What Are My Legal Rights?

The United States Constitution and state rights protect individuals who are under investigation, have been arrested for or charged with a crime, or are in custody. Certain rights protect individuals:

  • From being unfairly treated by members of law enforcement and police brutality; and
  • From illegal detention, false imprisonment/arrest
  • To ensure your rights are not abused by the courts and that legal representation is available.
Individuals Who Have Not Been Arrested Are Protected from Illegal Search and Seizure by the Fifth Amendment

You have the right to be protected from illegal search and seizure by law enforcement when you have not been arrested. In order for police to search your person, property, home, or vehicle or seize property, they must have reasonable suspicion, probable cause, your permission, or a search warrant. Police cannot pull over an individual or stop someone on the street due to that person's race or ethnicity, otherwise known as "racial profiling." It is vital that if you are arrested, you consult with a skilled and knowledgeable defense lawyer who is thoroughly familiar with the nuances of search and seizure laws.

You Have the Right to Remain Silent Under the Fifth Amendment - Miranda Rights

Most people are familiar with "Miranda Rights," whether on television or other media. Police have to read your Miranda Rights; they are required to do this under the law, but only once you have been taken into custody. However, before reading you these rights police are likely to question you regarding a crime in their effort to collect incriminating information, even before you have been arrested or charged. You do have the right to remain silent before you are charged with a crime and even afterward under the Fifth Amendment, however you do have to verbally inform the police that you are choosing to remain silent and invoking your right not to answer questions.

It is critical to keep in mind that once your Miranda Rights are read, anything you say can be used against you; in addition, any information you provide prior to your rights being read can be used against you. In effect, you may be helping police build a case against you by answering questions or offering information by saying something incriminating, even though you do not realize it. Contact our Los Angeles criminal defense firm immediately for assistance.

The Fifth Amendment of the U.S. Constitution Provides You Other Rights as Well
  • You have the right to refuse to say anything in a state or federal court criminal or civil proceeding that may incriminate you.
  • You have the right to due process. This means that you should receive fair treatment and respect from governing bodies during the criminal justice process. You cannot be deprived of "life, liberty, or property" without "due process of law."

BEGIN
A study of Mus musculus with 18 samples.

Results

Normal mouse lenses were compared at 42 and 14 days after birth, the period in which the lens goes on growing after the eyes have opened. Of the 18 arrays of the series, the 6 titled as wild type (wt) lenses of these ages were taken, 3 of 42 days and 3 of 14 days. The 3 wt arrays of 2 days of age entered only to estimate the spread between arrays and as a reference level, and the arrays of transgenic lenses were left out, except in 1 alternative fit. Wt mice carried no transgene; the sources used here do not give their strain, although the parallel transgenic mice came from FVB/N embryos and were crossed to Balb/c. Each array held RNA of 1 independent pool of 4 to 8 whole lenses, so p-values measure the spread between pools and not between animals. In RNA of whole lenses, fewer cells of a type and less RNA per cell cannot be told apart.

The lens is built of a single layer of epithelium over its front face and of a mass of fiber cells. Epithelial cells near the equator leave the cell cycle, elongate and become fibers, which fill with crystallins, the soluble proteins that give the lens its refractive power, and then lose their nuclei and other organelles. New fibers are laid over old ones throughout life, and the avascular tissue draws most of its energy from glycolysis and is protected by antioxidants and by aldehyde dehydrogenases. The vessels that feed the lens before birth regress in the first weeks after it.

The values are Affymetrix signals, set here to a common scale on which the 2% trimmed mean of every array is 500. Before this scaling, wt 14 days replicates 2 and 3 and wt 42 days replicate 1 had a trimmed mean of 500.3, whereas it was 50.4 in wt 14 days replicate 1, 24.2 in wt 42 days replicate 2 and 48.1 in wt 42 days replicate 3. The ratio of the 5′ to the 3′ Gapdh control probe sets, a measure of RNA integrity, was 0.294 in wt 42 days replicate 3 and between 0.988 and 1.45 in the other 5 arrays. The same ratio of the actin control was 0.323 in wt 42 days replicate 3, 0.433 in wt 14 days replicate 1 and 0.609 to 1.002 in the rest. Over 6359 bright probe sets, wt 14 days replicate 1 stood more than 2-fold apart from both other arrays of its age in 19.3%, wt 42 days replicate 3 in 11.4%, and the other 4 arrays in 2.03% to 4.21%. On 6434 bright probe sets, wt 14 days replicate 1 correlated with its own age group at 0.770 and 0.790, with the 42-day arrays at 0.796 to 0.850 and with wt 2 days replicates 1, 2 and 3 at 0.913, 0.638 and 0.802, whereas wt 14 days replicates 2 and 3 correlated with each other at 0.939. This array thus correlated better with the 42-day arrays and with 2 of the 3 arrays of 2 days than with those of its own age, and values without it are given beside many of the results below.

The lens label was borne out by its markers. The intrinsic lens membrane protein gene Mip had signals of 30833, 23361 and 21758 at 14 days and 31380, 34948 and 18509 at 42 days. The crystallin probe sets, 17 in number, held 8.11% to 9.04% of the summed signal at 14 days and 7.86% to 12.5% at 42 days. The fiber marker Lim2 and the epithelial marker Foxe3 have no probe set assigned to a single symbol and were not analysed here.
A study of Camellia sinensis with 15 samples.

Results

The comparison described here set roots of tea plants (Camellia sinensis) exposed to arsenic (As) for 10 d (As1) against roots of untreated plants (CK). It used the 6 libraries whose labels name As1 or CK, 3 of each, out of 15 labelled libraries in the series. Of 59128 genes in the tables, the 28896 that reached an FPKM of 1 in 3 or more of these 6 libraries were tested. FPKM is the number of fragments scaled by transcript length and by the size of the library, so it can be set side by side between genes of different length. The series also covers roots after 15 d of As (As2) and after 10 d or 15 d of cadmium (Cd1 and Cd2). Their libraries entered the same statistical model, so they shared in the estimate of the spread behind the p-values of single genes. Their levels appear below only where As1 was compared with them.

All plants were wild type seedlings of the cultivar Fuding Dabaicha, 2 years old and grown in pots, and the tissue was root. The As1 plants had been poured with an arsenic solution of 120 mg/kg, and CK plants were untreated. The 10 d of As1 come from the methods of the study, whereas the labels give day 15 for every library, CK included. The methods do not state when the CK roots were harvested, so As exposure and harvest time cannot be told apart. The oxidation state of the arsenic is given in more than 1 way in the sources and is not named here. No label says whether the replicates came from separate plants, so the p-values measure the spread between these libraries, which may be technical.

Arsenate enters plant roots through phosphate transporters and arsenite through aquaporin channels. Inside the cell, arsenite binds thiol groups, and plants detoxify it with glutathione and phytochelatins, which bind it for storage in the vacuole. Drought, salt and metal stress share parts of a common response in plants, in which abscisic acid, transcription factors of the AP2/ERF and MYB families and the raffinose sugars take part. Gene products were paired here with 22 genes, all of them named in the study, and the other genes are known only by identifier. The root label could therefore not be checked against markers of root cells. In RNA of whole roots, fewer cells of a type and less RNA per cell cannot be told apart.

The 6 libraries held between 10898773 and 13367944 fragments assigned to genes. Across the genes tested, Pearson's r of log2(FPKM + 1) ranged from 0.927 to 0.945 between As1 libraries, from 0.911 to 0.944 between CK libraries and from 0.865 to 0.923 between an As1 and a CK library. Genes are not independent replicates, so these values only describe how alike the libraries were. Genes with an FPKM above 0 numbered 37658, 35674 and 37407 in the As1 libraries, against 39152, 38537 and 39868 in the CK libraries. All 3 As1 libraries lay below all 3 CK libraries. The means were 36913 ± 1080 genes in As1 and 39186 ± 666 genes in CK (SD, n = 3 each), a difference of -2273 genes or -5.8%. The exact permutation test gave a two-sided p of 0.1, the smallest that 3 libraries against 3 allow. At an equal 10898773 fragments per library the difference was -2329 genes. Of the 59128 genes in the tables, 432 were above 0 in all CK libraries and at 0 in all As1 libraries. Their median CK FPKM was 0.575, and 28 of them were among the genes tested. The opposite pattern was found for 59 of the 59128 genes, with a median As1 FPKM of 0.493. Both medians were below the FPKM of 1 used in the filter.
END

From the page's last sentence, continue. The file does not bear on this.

• Double jeopardy (being tried twice for the same charge) is illegal when an individual was found to be innocent the first time. While you have the right to appeal a guilty verdict as a defendant, the state cannot appeal a "not guilty" verdict.
  • Evidence obtained by police or law enforcement agencies in an illegal manner may not be used against you as evidence in court.
The Sixth Amendment Protects Your Right to a Lawyer

Every person who is charged with a criminal offense has the right to a lawyer, or to be appointed an attorney (public defender) when the defendant cannot afford an attorney under the Sixth Amendment. Many people are under the impression that public defenders are provided by the court at no charge, however this is not always the case. Hiring a private attorney is preferable because the defendant gets the personal attention, time, and resources necessary to obtain a favorable outcome.

Your Rights to Due Process - Sixth and Fourteenth Amendment Rights

Additional rights are protected for those accused of crimes under the Sixth Amendment, including:

  • The right to a speedy trial, public trial, and impartial jury; and
  • You have the right to confront or even cross-examine those who accuse you of a crime.
  • Notice of accusation. When charged with a crime, you have the right to be told in clear terms what you are being charged with; in addition, you must be given sufficient time and information so that you can prepare a defense.

The Fourteenth Amendment of the United States Constitution provides equal protection to all individuals and the right to due process. This amendment also states that while an individual is in police custody, police are prohibited from punishing you using torture, force, or other means.

Let the Justice Firm Protect Your Constitutional Rights

We know that police and other law enforcement officials will attempt to secure your confidence and make you believe they are trying to help you. Police officers are not your friends, and will sometimes fail to advise you in a timely manner of your legal rights due to the fact they know that anything you may say prior to your rights being read may be used against you.

We recommend that you do not provide any information to law enforcement after being arrested other than your identity. You have a right to speak with an attorney before you answer any questions, or provide any information; you may refuse to be interrogated by police. If you have not been charged with a criminal offense but police are questioning you, do not hesitate before hiring a capable defense attorney. Contact The Justice Firm today at (310) 914-2444.